Finland's Wind Power Association says there were 552 wind turbines in the country at the end of 2016. Estimates put the number of new generators scheduled to be built in 2017 at between 150 and 200.
This means Finland will soon boast a wind turbine fleet of over 700 turbines, with a combined capacity of approximately 2,000 to 2,200 MW, but even then, the country will still lag behind other Nordic countries in wind energy production.
Anni Mikkonen, executive director of the association says that even though Finland was one of the largest investors in wind power in Europe last year, Germany increased its capacity ten-fold during the same period.
The Swedish wind power firm OX2 has been building four wind turbines in western Kokkola, on the shoreline of the Bothnia Bay. They should be complete by the end of October. It usually takes another two weeks or so to hook the new turbines up to Finland's grid.
One new turbine per week - if it's not windy
Project leader Pasi Tammivaara says that it takes about one week to erect a single turbine, if the winds cooperate. Building work has to be called off every time the winds get too strong, for safety reasons.
"The wind limits when we are building the steel tower is 10 metres per second. When we install the blades, this falls to 8.5 m/s. It is normal to have wind delays in this work, because most wind farms are located in areas with windy conditions," he says.
Work at the site ranges from periods of frantic activity to standstills due to windy conditions. If weather conditions permit, assembly work continues for up to 10 hours at a time.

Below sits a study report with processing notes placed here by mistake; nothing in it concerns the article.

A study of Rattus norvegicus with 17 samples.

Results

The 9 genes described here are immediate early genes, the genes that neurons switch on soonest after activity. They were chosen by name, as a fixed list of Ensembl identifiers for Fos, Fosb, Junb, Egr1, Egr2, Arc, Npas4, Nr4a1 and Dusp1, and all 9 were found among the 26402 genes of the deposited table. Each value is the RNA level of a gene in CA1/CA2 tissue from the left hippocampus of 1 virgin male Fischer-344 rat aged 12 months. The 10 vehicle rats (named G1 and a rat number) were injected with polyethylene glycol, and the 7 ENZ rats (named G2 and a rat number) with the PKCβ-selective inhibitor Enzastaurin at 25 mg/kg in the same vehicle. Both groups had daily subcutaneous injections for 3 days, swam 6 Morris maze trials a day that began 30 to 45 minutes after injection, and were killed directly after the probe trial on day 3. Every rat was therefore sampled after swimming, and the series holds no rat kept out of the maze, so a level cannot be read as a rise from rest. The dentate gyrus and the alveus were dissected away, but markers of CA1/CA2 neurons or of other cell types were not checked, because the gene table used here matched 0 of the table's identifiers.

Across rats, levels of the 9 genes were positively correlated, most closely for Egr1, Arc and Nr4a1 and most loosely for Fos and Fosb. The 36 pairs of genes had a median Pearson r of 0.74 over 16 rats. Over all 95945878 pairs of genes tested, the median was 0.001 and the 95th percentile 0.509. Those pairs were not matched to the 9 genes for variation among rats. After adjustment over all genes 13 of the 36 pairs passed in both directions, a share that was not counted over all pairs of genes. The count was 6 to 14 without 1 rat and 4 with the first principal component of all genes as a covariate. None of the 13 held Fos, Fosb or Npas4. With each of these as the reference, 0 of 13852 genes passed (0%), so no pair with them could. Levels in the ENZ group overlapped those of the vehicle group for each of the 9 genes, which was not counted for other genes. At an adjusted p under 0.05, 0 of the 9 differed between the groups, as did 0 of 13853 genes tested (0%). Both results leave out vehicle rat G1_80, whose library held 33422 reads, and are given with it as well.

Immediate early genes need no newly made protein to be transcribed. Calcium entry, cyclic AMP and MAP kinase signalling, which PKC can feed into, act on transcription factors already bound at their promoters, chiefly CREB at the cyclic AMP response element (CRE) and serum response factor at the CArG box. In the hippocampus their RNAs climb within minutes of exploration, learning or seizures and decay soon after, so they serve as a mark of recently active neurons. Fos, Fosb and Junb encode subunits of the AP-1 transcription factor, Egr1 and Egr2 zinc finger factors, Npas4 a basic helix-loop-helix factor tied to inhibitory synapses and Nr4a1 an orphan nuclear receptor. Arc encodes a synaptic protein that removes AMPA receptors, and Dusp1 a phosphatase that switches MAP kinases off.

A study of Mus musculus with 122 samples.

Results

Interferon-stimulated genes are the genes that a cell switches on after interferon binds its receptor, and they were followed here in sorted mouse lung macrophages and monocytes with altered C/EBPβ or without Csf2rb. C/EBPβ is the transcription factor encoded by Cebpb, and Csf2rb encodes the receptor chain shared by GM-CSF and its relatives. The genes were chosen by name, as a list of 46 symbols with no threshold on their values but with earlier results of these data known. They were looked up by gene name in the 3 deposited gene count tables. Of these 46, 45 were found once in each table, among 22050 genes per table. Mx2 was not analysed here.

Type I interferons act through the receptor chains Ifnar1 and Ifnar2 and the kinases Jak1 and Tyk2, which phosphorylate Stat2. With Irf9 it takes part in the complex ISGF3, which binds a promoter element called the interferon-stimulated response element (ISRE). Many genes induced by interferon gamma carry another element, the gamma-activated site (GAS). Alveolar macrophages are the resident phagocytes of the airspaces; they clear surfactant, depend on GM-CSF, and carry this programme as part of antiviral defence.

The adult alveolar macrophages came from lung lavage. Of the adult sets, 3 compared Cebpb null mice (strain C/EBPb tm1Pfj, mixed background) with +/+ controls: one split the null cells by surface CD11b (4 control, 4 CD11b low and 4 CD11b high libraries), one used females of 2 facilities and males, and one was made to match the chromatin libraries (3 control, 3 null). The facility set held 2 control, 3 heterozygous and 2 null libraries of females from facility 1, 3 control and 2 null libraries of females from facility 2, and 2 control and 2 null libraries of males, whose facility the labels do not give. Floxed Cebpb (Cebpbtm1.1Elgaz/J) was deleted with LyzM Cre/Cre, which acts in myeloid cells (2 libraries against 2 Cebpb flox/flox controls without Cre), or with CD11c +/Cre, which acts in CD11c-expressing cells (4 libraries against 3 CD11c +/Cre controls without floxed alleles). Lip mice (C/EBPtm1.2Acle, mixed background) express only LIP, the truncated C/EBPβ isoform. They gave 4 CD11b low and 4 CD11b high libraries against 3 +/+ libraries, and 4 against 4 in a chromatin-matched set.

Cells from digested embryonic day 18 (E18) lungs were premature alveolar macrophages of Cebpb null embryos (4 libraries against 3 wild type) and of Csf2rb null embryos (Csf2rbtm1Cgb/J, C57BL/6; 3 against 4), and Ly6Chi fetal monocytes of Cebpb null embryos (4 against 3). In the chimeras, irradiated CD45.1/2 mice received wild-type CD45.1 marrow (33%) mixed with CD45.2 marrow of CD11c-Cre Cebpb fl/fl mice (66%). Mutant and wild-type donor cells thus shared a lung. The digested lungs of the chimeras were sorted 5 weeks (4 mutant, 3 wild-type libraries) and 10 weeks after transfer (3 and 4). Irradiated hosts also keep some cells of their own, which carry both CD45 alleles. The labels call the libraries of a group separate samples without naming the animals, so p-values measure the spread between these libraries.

Still contributing less than 5% energy
Once finished, the new wind farm in Kokkola will have a 14.4 MW capacity, with a projected annual production rate of 556 Wh. The finished hub height, the distance from the platform to the rotor (not including the turbine blades) is 134 metres.
Before the erection of the tower, extensive excavation on the site is necessary to shore up the foundation and build service roads, for example.
Kokkola's groundwater situation has made this site in particular more of a challenge, in that the surrounding terrain needed to be protected before the work could begin. It also required that the foundation for the soaring structure be partially enclosed above ground, as it couldn't be completely buried underground to protect the water supply.
Last year wind power accounted for 3.6 percent of Finland's total energy consumption.